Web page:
1. Vol. 28 No. 6, p. 1796-1803
     
    Received: May 5, 1998
    Published: Nov, 1999


    * Corresponding author(s): jma@kvl.dk

Phosphate Leaching Responses from Unperturbed, Anaerobic, or Cattle Manured Mesotrophic Sandy Loam Soils

  1. Jakob Magid *,
  2. Marina Bergen Jensen,
  3. Torsten Mueller and
  4. Hans Christian Bruun Hansen
  1. Lab. for Plant Nutrition and Soil Fertility, Dep. of Agricultural Sciences, Royal Veterinary and Agricultural Univ., Thorvaldsensvej 40, 1871 Frederiksberg C, Denmark;
    Lab. for Soil and Environmental Chemistry, Chemistry Dep., Royal Veterinary and Agricultural Univ., Thorvaldsensvej 40, 1871 Frederiksberg C, Denmark.

Abstract

Abstract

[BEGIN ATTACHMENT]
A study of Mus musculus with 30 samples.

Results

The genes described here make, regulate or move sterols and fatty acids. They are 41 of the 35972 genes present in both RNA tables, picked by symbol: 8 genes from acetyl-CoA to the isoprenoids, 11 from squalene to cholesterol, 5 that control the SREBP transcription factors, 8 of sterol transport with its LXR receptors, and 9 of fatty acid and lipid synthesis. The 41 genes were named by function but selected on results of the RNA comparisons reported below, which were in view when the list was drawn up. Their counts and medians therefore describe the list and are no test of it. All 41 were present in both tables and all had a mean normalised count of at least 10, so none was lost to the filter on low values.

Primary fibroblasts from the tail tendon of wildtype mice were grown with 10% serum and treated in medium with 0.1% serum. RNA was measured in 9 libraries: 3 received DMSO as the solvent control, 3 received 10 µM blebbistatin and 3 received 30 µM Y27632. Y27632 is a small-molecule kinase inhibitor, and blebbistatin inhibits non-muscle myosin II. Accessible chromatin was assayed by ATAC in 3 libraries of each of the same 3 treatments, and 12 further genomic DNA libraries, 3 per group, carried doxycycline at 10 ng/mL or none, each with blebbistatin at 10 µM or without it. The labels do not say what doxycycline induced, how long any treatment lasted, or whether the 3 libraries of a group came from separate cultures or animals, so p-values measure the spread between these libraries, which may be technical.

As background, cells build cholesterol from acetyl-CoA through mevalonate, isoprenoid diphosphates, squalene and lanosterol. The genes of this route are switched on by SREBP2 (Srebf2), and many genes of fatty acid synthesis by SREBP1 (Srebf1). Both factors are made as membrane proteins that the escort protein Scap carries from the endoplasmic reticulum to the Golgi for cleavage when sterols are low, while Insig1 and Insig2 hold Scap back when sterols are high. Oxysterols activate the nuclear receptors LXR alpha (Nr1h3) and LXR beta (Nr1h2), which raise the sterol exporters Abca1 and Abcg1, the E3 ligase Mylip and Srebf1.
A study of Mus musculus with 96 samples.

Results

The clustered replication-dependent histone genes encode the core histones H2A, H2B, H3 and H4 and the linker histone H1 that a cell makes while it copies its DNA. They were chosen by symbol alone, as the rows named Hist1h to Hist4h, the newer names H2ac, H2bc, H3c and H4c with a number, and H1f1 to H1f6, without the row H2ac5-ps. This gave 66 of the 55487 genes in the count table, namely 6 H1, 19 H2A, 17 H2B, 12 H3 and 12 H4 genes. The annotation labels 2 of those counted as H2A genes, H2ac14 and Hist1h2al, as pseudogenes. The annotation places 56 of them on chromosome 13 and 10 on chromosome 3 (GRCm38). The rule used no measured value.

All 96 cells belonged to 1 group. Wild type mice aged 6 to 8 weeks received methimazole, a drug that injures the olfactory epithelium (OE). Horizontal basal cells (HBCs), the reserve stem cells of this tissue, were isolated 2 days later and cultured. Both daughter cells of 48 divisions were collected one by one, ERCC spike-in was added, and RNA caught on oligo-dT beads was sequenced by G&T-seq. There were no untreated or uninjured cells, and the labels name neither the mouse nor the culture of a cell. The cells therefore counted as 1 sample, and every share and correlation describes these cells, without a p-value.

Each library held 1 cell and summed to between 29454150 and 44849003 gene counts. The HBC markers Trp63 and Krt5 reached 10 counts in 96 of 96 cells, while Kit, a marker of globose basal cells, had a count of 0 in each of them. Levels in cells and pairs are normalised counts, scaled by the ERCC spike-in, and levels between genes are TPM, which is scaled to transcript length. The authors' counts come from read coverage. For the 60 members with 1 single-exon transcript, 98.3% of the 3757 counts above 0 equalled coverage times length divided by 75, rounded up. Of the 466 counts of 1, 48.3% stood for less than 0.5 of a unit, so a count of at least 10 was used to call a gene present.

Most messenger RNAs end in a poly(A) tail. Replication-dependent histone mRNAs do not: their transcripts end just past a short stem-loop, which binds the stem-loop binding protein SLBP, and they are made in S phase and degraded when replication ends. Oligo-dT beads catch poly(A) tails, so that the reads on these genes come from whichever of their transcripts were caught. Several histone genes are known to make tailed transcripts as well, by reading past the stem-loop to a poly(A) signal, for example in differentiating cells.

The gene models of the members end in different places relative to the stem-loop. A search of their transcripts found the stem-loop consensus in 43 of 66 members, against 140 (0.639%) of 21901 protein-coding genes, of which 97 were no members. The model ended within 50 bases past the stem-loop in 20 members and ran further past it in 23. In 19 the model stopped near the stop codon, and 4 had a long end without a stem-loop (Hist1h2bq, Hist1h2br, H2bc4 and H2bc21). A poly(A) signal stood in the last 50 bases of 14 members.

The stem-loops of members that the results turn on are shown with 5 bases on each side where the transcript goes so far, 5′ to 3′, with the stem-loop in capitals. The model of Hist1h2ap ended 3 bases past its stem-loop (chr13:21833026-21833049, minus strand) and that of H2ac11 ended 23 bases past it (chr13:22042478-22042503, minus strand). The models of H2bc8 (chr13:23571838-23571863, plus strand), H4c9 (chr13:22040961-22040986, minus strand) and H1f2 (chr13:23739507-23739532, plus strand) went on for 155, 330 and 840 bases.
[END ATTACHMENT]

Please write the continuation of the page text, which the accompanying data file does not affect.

Control of P from sewage outlets has not led to expected improvement of Danish freshwater quality, calling the diffuse P losses especially from drained agricultural land into question. We studied some mechanisms for P loss from the fertilized topsoil from selected catchments that have been monitored for P losses: (i) losses due to desorption of P from A horizons enriched throughout the last decades by fertilization, (ii) losses of P associated with temporarily reducing conditions imposed on A horizons, and (iii) losses associated with application of fresh cattle manure to the soil surface or by mixing into the soil matrix. The effluent concentrations of P from 15 intact topsoil samples were 10 to 40 times lower than what could be expected from batch studies, presumably due to nonhomogeneous flow conditions. Addition of solid cattle feces by incorporation or directly on the surface had markedly differing effects on P leaching. While incorporation did result in a 10- to 20-fold increase in effluent P concentration, surface application resulted in a further 10- to 20-fold higher effluent concentration of molybdate-reactive P. These results indicate that while desorption from the soil matrix is likely to be much less than expected from batch chemical considerations, special attention should be given to drained pastures, where the important P source may not be the soil matrix per se, but fecal remnants on the surface, that may be transported directly to the drains through macropores. Furthermore, reductive dissolution of Fe associated P may be of some importance.